You might think that the more a brand name is known, the better, but that’s not always the case. We now commonly use brand names like Kleenex, Jacuzzi, and Frisbee to refer broadly to their most popular products. Such generalization is a serious problem for companies whose products dominate the market. If their product name enters mainstream vocabulary as an item rather than a brand, they can legally lose their trademark rights. It’s called genericide.
The words missions and missionary are in danger of genericide. When my parents first went to the field, missionaries were ministers of the gospel in a long-term, full-time, cross-cultural capacity, usually overseas. During my lifetime, Christians have started using the terms missions and missionaries in a less specific way. Some Christians now define missions broadly enough to include virtually any activity of the church, including ministering within local congregations, serving the poor, and fighting injustice.
A coworker told me about a missions class in which the teacher presented a list of Christian activities and asked people to raise their hands if they considered each one to be missions. The early examples involved cross-cultural ministry among unreached peoples, and everyone raised their hands. Further down he listed ministries closer to home, and some dropped out.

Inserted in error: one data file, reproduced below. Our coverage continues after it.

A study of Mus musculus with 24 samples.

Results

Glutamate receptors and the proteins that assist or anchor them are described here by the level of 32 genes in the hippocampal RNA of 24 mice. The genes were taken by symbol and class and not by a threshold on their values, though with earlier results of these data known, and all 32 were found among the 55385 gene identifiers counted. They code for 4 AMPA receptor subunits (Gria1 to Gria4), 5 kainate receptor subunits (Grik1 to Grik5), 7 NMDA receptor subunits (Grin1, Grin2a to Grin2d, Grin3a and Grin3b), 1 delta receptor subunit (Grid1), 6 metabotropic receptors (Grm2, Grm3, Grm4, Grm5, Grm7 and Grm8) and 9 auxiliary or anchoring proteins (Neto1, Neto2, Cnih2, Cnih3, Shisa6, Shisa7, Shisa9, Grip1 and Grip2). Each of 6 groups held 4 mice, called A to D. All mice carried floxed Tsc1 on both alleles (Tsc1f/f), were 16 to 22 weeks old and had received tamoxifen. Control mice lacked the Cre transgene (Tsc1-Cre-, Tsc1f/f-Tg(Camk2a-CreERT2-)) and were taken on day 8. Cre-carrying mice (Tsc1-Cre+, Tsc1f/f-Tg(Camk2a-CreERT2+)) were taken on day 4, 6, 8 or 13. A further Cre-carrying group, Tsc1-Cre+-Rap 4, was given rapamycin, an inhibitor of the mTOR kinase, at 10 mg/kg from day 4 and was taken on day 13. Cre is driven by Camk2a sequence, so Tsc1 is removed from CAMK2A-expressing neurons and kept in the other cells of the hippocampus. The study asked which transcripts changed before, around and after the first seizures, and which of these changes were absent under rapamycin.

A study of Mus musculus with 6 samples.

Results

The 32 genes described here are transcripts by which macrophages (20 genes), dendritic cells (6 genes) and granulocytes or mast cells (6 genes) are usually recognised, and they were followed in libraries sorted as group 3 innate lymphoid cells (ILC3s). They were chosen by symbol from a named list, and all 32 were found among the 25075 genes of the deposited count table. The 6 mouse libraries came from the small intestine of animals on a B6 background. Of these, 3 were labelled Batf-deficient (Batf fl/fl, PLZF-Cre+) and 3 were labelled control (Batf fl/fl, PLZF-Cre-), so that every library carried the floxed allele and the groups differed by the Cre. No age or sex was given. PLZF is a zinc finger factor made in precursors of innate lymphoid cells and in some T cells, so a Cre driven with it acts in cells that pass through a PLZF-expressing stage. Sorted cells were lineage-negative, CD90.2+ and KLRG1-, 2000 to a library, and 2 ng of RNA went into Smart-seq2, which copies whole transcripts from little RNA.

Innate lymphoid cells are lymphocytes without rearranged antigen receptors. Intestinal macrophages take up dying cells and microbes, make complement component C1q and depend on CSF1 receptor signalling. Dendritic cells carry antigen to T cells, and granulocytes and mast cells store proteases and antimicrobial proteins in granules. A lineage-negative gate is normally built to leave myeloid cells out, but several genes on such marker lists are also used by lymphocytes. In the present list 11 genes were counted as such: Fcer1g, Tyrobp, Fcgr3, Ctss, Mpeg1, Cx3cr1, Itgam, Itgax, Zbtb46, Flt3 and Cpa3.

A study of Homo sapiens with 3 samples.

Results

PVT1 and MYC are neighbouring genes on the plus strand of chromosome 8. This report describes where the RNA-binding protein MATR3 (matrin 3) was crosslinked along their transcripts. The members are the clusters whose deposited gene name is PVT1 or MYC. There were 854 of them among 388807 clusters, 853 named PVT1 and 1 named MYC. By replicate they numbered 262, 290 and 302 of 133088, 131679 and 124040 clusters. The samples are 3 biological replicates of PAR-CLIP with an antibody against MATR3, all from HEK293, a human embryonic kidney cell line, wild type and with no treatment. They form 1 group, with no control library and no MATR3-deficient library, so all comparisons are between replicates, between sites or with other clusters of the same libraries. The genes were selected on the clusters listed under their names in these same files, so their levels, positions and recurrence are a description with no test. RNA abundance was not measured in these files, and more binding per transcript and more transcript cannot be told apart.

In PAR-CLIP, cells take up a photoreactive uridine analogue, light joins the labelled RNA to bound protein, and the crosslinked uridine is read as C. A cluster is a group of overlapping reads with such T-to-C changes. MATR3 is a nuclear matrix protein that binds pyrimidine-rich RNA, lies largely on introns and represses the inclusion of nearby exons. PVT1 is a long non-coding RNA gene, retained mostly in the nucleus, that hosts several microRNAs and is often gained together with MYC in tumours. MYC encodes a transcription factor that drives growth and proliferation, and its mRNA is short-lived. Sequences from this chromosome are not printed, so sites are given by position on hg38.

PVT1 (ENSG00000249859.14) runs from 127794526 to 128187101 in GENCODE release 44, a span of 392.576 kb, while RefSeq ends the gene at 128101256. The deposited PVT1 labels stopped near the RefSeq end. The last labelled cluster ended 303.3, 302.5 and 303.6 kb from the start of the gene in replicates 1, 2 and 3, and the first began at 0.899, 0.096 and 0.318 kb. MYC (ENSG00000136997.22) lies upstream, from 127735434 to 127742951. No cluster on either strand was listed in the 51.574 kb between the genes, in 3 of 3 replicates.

The last option was, “I take soup to my Christian next-door neighbor.” A few students still raised their hands. The teacher improvised, “What if I’m having devotions in my room by myself?” One man responded, “It depends. You might be reading the Book of Acts.” No one denies that taking soup to a believing neighbor is kind, but does this fit within the scope of discipling the peoples of the earth? Is being involved in missions really as simple as reading the Book of Acts?
Some churches now talk about being on mission or missional or use the term mission rather than missions. Does the vocabulary matter? It depends. If a word is archaic and no longer communicates the intended meaning, then it’s not worth preserving strictly for the sake of tradition.
The relevant question is whether broadening the term missions leads to increased engagement in the task of taking the gospel to every people group on earth. Does calling every Christian a missionary motivate us to pursue the Great Commission more diligently? Or does it dilute our focus? As language evolves, sometimes it’s worth fighting to preserve an ancient concept.
Taken from Is the Commission Still Great?: 8 Myths about Missions and What They Mean for the Church by Steve Richardson (©2022). Published by Moody Publishers. Used with permission.